I recently had a pretty nasty bout of the flu. I thought that a common cold was coming on, but I woke up last Sunday feeling completely slammed by flu symptoms. So in a fashion similar to an actor portraying someone with tuberculosis in the early 20th century, I lay in bed and tried to imagine how wonderful it would be to feel better again.
Having nothing better than to do while laid flat in misery early this past week, I was reminded of something that my Mom had me and my sisters do when we were sick as children.
She had habits that would correspond to whatever sickness we were experiencing. There would be humidifiers when we had sore throats, heating pads when we had the flu, and watered-down Gatorade when we had a stomach bug.
Each of these stayed in my memory as I grew older and began experiencing sickness as an adult, but it was something else she did that made an even more significant impression.
I remember her always telling us that she hoped that we would feel better and then prompting us to think of someone we knew who was dealing with a more severe illness. For the longest time, that person was Mrs. Miller, a woman from our church who had cancer. She was the first person with a terminal illness whom I can remember interacting with as a child, so thinking of what she must be experiencing was a foreign concept at first. But that didn’t deter Mom, who would gently urge me to think about her experience and then would ask me to pray for her.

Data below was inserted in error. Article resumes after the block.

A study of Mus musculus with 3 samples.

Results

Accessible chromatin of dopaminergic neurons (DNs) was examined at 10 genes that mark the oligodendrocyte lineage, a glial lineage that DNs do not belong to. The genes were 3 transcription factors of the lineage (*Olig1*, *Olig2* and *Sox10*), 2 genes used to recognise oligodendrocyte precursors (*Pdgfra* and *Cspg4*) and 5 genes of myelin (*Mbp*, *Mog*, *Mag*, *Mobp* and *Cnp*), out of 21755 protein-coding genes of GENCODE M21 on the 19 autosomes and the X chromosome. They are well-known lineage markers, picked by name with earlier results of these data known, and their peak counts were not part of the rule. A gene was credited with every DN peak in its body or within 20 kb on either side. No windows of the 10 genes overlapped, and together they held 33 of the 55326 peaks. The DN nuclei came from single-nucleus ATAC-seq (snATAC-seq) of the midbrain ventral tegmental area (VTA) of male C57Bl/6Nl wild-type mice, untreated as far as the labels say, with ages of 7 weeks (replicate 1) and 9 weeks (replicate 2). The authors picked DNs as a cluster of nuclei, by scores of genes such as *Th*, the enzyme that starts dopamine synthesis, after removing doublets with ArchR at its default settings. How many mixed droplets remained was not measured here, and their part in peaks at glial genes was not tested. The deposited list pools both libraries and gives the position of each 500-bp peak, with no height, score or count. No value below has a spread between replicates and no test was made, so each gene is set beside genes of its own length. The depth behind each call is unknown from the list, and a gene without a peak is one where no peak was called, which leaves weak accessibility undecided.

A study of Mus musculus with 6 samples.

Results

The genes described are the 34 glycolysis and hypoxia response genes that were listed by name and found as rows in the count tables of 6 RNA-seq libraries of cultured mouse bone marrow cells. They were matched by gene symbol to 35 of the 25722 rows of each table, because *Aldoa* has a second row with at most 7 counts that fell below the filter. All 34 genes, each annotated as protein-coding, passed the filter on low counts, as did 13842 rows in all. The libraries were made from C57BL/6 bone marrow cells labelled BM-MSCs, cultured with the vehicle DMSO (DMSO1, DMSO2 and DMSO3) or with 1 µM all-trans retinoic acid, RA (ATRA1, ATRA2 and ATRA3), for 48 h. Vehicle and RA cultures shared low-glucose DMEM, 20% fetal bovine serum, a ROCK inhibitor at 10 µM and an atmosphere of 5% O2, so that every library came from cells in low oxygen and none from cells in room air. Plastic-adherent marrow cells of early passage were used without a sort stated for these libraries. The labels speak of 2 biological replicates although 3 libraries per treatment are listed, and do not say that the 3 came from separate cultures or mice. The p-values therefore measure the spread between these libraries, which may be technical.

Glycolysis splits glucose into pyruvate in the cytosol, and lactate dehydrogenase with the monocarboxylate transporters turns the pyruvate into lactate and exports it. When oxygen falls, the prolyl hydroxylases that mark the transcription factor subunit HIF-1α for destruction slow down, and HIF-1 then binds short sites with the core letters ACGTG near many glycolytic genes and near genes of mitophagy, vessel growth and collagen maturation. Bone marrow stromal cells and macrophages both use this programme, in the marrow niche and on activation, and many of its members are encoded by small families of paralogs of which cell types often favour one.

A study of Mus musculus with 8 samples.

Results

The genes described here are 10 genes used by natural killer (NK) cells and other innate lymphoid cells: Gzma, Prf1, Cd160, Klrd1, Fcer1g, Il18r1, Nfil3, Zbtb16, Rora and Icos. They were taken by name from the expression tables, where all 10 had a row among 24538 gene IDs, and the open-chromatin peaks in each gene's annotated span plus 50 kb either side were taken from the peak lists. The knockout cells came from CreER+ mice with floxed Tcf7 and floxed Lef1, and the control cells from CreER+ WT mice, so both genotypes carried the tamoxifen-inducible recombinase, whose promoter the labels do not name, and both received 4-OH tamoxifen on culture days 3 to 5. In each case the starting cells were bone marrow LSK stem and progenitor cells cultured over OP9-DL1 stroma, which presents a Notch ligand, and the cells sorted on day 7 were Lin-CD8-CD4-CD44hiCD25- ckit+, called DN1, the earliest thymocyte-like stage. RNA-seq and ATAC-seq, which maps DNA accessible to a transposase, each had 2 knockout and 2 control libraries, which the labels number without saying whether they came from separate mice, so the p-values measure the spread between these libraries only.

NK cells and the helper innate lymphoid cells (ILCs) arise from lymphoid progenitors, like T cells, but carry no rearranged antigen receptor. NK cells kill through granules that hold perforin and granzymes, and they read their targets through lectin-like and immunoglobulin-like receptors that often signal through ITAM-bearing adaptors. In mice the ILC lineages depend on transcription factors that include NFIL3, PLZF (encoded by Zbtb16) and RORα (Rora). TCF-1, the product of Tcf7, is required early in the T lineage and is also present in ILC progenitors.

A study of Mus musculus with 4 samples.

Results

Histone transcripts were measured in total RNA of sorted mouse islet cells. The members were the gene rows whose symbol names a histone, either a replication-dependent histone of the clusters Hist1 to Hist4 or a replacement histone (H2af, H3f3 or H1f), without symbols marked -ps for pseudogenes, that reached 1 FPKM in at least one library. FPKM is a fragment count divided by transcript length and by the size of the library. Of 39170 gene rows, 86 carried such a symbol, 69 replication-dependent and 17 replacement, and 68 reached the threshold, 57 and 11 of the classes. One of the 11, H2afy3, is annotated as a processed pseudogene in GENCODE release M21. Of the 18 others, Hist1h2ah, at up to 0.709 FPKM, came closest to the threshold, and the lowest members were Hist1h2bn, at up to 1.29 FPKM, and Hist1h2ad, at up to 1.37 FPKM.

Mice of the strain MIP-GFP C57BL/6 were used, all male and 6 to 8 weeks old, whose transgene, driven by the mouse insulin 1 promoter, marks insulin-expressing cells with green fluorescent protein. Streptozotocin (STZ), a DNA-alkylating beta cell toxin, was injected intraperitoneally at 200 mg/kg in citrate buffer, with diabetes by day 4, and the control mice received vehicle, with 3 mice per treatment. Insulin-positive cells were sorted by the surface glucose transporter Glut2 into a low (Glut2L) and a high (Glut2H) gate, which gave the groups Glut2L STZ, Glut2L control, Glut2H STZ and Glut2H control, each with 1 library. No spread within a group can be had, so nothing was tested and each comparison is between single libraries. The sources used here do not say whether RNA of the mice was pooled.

There were times when I had no desire to do this and instead preferred to wallow in my own sickness. However, over time, I began to realize just how powerful this little action was. By having me and my sisters pray for someone who was experiencing suffering much greater than our own, it worked to instill an others-focused mindset in us.
This may seem like something small, but it has stuck with me for years. Gone are the days of me lying on the couch listening to Adventures in Odyssey while fighting a cold. They have been replaced by me staying home and doing my best to resist the urge to check my work emails. But through these changes, the idea that I should move my focus from myself to someone else has remained with me and will do so for the rest of my life.